MA French Studies Handbook: What our graduates say about the program
Sara Phenix, MA 2004
The masters program at BYU prepared me in every way for further study of French on the doctoral level. The courses are varied and stimulating. I gained valuable pedagogical training in the teaching opportunities that the program offers. The small class size facilitated mentoring relationships with the generous and attentive faculty. I also benefited from the exchange of ideas with intellectually-engaged colleagues. This program can be a springboard for a variety of professional paths as it equips graduates with the critical thinking and analytical skills necessary for any pursuit.
Chris Flood, MA 2007
I was definitely better prepared for my PhD program than students coming directly from a BA. When I arrived here, I found that I had already read most of the books on the PhD reading list while earning the MA at BYU, but more than that, I was familiar with the theory and history surrounding them. In terms of general intellectual preparation, I feel much more confident in my ability to formulate and express my ideas than I did before the MA and I find that, here too, I have an advantage over many of my classmates. However, if I had to pick one aspect of the MA program that has been particularly helpful, it would be the first-year theory class. This for me was the moment when I started to look beyond the shallow, high school / undergrad type of analysis where books are full of easily-deciphered symbolism and didacticism. Additionally, it was far better organized and the ideas were more clearly presented than the theory class we were required to take here.
Some aspects of the BYU MA program that I have really grown to appreciate in looking back are: the camaraderie with classmates and teachers; the family-friendly atmosphere; and that the BYU faculty manages, and I have come to conclude that this is rare, to foster a certain amount of pleasure in studying literature even while maintaining the necessary academic rigor.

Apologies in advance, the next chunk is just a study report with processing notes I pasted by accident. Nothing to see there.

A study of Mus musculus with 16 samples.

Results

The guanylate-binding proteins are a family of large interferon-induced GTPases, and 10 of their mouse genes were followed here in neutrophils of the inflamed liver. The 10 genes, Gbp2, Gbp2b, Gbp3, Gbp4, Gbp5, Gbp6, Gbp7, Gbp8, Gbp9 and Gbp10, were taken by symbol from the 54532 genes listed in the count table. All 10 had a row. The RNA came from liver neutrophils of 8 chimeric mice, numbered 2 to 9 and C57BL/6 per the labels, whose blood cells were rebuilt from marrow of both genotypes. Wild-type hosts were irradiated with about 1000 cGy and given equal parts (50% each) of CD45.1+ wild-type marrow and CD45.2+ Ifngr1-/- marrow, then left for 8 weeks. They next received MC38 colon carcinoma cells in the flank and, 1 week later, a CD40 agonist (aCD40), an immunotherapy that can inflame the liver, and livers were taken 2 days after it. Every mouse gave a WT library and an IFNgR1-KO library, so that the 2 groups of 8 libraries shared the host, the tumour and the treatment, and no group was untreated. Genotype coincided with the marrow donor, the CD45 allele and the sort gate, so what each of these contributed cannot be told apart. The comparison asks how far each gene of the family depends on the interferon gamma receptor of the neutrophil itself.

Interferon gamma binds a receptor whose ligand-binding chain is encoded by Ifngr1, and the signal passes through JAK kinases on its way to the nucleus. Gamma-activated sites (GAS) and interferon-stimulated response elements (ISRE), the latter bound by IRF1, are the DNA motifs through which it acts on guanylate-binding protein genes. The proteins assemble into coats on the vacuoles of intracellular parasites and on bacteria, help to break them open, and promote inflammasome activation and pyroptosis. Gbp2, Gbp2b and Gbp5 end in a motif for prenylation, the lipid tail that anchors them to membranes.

Kathleen Byrne, MA 2008
The BYU French Studies MA prepared me to be more hirable, given almost any job I would seek. It increased my zest for life. It increased my self-confidence. Interviews are no longer intimidating (the MA oral exam oddly acted as a type of exorcism for me, causing fear of inadequacy or any type of “Inquisition” to flee as the exam proceeded). My writing skills, typing skills, reading skills, listening skills, organizational skills, and analytical skills improved by leaps and bounds. The opportunity I had to teach beginning French courses at the university level whetted my appetite to teach other university students in the future.
I could not have asked for a better experience at BYU. The professors in the French Studies MA program are simply incredible. Their expertise and professionalism are unmatched. And yet these professors are extremely approachable, down-to-earth, and helpful. Attending class was never a chore; in fact, I looked forward to going to class every day, every semester. Serving a full-time mission for The Church of Jesus Christ of Latter-day Saints was something that was not required of me, but it has become an integral part of my life’s mission. So, too, was pursuing a Masters of Arts degree in French Studies at BYU. If I had chosen some other course of study or had been content with my undergraduate experience, the intellectual, emotional, and spiritual growth I would have missed would have been detrimental to me, and I will forever be grateful for having chosen the better part.